With the essay portion of the Scholastic Aptitude Test recently being made optional, the recurring question of whether that portion of the test is unfairly difficult for high school students, or if students simply aren’t prepared properly for it, is a popular topic both on the news and in the academic world.
Examining the writing performance of incoming Washburn students’, particularly students enrolled in omposition 101, is a fair measure to gauge the preparedness, as far as writing is concerned, with which students leave high school.
The Academic Success Center offers one-hour instructional courses on Modern English Language and American Psychology Association.
These are the two most common systems used when citing sources in academic papers. During the workshops, Ann Callies, director of the academic success center, spends time with students explaining how and why these citation systems are used.
“It’s the one workshop I know I’m going to get students to attend,” said Callies. “Some teachers require their students to attend.”
It comes as no surprise to the writing and English tutors that this workshop is always filled.
“It shocked me people don’t know how to cite sources,” said Elizabeth Burgett, a writing tutor.
Burgett and other tutors explained that they learned how to cite sources in high school or middle school. Nonetheless, most tutors are aware that correct citation is not emphasized enough in many high schools.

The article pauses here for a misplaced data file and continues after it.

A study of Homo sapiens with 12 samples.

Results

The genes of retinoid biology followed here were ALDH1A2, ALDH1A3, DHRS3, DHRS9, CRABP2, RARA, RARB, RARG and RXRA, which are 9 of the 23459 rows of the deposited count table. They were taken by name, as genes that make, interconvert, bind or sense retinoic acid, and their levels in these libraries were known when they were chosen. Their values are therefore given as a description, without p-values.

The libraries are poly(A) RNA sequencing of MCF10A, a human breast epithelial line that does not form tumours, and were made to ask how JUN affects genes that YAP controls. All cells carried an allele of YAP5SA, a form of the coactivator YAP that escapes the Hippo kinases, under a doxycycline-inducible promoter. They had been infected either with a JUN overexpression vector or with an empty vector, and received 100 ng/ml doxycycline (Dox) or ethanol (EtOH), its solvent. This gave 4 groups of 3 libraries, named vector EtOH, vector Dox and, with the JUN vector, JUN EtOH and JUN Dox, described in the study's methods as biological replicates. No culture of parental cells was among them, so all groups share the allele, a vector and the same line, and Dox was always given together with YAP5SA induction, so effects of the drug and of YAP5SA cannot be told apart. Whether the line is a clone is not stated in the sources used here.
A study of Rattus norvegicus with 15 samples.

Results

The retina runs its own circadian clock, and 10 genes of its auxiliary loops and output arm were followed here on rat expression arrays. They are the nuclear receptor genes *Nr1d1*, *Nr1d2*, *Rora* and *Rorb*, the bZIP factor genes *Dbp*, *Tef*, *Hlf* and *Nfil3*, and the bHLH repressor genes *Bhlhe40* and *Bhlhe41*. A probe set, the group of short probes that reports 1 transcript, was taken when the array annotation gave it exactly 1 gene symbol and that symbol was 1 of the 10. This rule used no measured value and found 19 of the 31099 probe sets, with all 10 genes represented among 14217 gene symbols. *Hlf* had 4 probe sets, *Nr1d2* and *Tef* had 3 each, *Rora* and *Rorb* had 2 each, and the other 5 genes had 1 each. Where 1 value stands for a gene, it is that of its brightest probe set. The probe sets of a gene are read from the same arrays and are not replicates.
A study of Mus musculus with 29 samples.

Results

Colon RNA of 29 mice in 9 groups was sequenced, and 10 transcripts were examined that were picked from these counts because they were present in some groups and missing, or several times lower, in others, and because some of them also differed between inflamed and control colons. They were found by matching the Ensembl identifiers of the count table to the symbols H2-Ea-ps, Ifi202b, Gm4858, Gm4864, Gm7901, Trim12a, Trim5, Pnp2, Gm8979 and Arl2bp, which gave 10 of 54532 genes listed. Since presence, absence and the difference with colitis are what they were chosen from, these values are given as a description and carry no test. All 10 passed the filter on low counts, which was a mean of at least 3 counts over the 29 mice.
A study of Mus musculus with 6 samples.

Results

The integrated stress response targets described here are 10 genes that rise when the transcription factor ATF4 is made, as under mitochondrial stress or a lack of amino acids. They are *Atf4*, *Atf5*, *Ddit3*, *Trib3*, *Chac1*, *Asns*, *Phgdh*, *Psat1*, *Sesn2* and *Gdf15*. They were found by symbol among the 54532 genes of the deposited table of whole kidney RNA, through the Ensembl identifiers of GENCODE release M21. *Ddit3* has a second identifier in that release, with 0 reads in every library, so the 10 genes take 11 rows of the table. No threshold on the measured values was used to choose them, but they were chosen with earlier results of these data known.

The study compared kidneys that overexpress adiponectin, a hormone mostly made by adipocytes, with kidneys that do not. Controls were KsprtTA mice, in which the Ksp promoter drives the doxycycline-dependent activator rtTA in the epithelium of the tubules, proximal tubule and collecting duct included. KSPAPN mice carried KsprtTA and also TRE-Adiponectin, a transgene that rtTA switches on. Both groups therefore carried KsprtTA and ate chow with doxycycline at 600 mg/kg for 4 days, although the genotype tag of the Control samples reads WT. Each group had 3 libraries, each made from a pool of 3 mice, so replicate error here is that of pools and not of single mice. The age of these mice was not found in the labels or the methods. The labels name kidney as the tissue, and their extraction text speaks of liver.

Washburn University’s Corey Zwikstra, an English professor, was able to give some insight into students’ writing processes and aptitude. Zwikstra, who teaches composition 101 classes along with many others, says that the majority of his students know how to use MLA, but they don’t understand the ultimate concept behind it; they don’t know why it is so important.
According to Zwikstra, this is something that is learned over time, with teaching. Answering the question as to why so many students do not know how to use MLA or APA, Zwikstra gives two reasons, and his answer covers not only citing sources, but average freshman-level writing as well.
“Most [students coming out of high school] are prepared to write papers in college, but a lot are insufficiently prepared to write papers that are intellectually complex,” said Zwikstra. “This problem is neither high school teachers’ nor the students’ fault.”
Between following mandated core curricula and being overworked, high school teachers don’t have time to give proper and productive feedback on students’ papers, let alone have the time to explain the significance of citing sources, says Zwikstra.
Citing sources and making “Works Cited” or “References” pages is about more than avoiding plagiarism. By using and citing sources in a paper, a student is joining a discussion of a topic that is being had around the world, in a sense. According to Zwikstra, using MLA or APA is an intellectual process.
Jimmy Welton, a senior at Washburn Rural High School who is currently taking a composition class through Washburn, says that his high school has done an adequate job teaching him and his peers MLA, but it has not prepared him for college-level writing and the intellectual complexities required in college.
Whether writing in the SAT is too difficult or not is a different debate, but the fact remains that some high schools are preparing students for college-level writing and others appear not to be. Writing techniques aside, it does seem that the emphasis on MLA and APA needs to be increased.